Bertelli: Charter Schools Lose When They Don’t Remind People Why They Exist in the First Place. California Proves the Point


The charter school community’s instinct for self-policing, improvement and desire to be part of the public school fabric is great for the students it serves and a credit to the leaders who are willing to act with accountability and transparency. But those values are not in and of themselves good political strategy. If you want proof, look no further than California, where Williams’s playbook has been in practice for years.

California has not had any meaningful discussion of vouchers since voters overwhelmingly rejected a 2000 initiative to fund them. On the other hand, a number of laws have been passed over the past few years — with the support of the charter community — to ban for-profit charter schools, ensure that charter school boards adhere to open meeting laws, prohibit conflicts of interest in management and contracting, and ensure that charter schools do not discourage high-needs students from enrolling. For a decade, the California Charter Schools Association has advocated annually for the closure of charter schools it considered to be failing the needs of the students they enrolled — often earning the ire of charter parents and supporters in the process. Charter advocates have also been vocal, visible champions of increased funding for all public schools in the legislature, and through local and state ballot initiatives.

Yet 2019 proved to be, perhaps, the worst political year for charter schools since the law authorizing them passed more than a quarter-century ago. The charter community was forced to swallow a “compromise” that gives districts (the primary authorizers of charter schools) several additional reasons to deny new charter petitions and makes existing charters the only schools in the state that can be closed for poor performance on the state’s confusing and oft-derided school performance dashboard.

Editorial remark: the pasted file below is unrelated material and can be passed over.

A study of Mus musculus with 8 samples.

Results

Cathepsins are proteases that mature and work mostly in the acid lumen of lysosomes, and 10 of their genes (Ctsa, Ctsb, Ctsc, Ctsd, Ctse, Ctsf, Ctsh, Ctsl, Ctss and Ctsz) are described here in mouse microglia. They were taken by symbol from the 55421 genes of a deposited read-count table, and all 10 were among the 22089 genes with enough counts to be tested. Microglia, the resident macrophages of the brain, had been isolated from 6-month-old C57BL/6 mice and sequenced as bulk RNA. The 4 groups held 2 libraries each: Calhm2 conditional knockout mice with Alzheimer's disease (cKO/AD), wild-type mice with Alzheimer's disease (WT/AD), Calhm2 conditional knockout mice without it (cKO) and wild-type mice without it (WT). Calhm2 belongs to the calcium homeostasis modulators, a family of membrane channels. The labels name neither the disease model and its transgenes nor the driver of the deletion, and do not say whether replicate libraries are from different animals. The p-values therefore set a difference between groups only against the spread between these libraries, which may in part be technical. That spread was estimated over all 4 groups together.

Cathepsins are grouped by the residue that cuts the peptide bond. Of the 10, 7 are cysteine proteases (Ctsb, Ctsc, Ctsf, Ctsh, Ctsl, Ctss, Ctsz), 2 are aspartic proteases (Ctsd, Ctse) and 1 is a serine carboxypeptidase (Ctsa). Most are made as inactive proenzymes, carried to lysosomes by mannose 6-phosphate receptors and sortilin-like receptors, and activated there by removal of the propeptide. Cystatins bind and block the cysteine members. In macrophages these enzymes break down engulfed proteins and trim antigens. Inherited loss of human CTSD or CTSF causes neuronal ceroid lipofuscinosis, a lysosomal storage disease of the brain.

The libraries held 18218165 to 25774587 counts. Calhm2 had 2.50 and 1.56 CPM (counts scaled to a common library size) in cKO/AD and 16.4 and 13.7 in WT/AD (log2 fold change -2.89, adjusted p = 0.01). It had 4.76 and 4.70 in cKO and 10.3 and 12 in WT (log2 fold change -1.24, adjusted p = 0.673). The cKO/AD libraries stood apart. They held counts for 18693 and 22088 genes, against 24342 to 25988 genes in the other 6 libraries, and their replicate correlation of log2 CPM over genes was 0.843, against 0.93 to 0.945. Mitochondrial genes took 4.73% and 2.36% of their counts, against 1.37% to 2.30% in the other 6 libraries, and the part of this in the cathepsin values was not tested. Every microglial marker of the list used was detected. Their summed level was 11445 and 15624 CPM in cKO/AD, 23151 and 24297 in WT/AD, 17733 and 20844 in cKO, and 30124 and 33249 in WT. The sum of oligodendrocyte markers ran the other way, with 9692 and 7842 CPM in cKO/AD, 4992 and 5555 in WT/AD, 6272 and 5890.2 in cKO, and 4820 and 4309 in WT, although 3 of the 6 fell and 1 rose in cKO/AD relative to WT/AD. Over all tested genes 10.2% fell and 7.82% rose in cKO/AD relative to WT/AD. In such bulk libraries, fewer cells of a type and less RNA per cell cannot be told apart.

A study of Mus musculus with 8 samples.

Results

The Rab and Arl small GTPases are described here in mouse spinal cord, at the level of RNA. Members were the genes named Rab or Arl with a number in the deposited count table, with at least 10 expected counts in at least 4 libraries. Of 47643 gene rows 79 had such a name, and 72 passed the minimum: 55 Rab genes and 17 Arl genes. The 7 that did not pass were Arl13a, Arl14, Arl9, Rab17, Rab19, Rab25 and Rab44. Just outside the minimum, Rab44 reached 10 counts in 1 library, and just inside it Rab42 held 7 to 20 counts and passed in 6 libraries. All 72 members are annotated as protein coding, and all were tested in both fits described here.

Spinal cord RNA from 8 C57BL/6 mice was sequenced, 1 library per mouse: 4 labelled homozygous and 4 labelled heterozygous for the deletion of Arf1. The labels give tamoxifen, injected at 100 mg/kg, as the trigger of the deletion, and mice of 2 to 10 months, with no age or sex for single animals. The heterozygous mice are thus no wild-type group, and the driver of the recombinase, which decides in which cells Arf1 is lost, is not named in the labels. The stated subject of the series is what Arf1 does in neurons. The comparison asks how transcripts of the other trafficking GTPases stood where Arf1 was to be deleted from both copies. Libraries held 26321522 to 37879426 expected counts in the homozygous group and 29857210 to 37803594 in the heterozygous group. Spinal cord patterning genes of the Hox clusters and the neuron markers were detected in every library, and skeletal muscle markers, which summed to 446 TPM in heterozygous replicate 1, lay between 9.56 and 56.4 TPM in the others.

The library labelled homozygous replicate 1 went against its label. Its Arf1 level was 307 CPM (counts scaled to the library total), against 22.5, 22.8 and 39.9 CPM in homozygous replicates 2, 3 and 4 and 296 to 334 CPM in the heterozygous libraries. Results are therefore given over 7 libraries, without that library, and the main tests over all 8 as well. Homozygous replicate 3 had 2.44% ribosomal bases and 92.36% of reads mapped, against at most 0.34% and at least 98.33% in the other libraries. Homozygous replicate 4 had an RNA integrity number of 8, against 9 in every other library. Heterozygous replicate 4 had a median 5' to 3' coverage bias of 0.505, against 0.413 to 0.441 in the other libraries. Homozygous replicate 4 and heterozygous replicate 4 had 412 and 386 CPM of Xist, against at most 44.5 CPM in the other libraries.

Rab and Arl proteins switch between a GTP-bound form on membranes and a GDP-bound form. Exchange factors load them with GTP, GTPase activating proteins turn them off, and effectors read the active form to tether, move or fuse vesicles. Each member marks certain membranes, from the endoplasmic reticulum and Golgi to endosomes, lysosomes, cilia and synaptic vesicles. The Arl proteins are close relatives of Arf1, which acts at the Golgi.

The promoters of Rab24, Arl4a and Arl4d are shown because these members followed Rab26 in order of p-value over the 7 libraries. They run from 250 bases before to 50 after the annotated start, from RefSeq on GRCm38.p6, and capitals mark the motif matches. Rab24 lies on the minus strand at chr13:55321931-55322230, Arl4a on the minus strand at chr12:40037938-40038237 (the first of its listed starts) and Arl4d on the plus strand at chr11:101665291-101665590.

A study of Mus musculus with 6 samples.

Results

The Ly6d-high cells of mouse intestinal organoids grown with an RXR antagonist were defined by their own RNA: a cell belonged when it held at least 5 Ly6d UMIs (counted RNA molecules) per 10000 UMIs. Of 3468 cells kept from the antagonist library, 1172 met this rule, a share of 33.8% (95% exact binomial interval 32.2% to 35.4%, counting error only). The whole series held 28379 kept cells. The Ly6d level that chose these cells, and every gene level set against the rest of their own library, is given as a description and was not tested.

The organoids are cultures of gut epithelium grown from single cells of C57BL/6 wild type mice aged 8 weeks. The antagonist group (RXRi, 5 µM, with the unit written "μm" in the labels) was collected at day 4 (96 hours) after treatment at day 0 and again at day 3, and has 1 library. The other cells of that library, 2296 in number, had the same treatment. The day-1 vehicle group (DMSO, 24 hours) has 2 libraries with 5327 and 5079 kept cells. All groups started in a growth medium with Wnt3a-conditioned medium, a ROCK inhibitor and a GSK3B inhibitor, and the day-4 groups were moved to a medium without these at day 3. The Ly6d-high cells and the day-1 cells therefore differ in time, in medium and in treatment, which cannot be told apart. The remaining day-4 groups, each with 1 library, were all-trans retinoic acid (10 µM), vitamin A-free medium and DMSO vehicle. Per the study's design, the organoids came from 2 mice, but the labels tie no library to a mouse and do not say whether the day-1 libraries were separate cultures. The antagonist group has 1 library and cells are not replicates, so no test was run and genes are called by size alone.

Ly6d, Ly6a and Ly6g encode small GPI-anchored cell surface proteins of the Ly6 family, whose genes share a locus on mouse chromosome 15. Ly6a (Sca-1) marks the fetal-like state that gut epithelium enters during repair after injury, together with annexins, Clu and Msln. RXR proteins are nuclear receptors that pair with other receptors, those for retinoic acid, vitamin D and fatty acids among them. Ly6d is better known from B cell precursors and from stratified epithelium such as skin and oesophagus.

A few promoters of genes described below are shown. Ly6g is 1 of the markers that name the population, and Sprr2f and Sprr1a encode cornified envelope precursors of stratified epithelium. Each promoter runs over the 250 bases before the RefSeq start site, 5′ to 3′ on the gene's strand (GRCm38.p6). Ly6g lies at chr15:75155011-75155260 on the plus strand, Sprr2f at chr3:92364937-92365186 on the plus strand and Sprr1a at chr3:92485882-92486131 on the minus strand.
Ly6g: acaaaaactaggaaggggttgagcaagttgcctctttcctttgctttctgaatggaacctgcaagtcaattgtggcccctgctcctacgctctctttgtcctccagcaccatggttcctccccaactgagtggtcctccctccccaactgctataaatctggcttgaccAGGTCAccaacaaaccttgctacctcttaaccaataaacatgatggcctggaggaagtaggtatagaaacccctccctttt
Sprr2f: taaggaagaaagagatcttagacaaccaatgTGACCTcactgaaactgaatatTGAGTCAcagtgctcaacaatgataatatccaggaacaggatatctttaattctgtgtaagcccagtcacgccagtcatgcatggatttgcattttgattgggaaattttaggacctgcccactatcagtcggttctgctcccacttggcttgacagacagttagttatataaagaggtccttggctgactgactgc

This followed two high-profile and lengthy teacher strikes, in Los Angeles and Oakland, where charter-bashing was a central theme of union talking points in spite of the fact that charters have nothing to do with union contracts. At union insistence, the school boards of both districts overwhelmingly voted for resolutions calling on the state to enact a moratorium on new charter schools. Many other districts followed suit when they saw the political value of heaping blame on charters for a multitude of district financial and academic woes.

California charter schools now face their most hostile political environment ever after spending years attempting to build broad support by being good public schools.

Based on our experience in California, it’s clear that Williams’s strategy has two fatal flaws. First, it assumes that people (voters) broadly care about, pay attention to and are generally informed about education policy. By and large, none of these is true. If asked to volunteer the most important issues voters care about, education rarely — if ever — cracks the top five. Poll respondents frequently overestimate the value of their local schools and the quality of education their own children receive. Even though charter schools have been part of the education landscape for decades in California, 82 percent of poll respondents still know only a little or nothing at all about them.

Second, it assumes that charters will be welcomed — or at least tolerated — by the special interests that dominate the district-run public school system if they operate with integrity and perform well. They aren’t. The charter school association has spent years enthusiastically trying to appease these very groups that resent its existence. Its reward was having the California Teachers Association spend $1 million per month in the first third of 2019 lobbying the state legislature for new laws aimed at crippling charter schools. No traditional public school organization came to the charters’ defense.

Members of the general public who previously supported charters didn’t sour on them suddenly because of the company they keep. It’s because charter opponents will do and say anything to undermine them. District running a deficit? It’s because charters exist. Poorly performing schools? It’s because charters took all the best students. Blaming charters for district problems keeps charter opponents from having to explain why families flee their schools and enroll in charters in the first place.

California’s district-run public schools are chronically failing to provide an adequate education to most students, especially children of color and from low-income households. Attacking charters is easier than justifying, explaining or addressing these shortcomings. Williams’s strategy allows them to continue avoiding their failures while keeping charters on the defensive. Charters need to focus less on trying to be like traditional district-run schools and more on reminding people why they exist in the first place.

Chris Bertelli is the founder of Bertelli Public Affairs, an education public affairs consultancy based in Sacramento. He specializes in working with clients focused on improving educational equity in California public schools.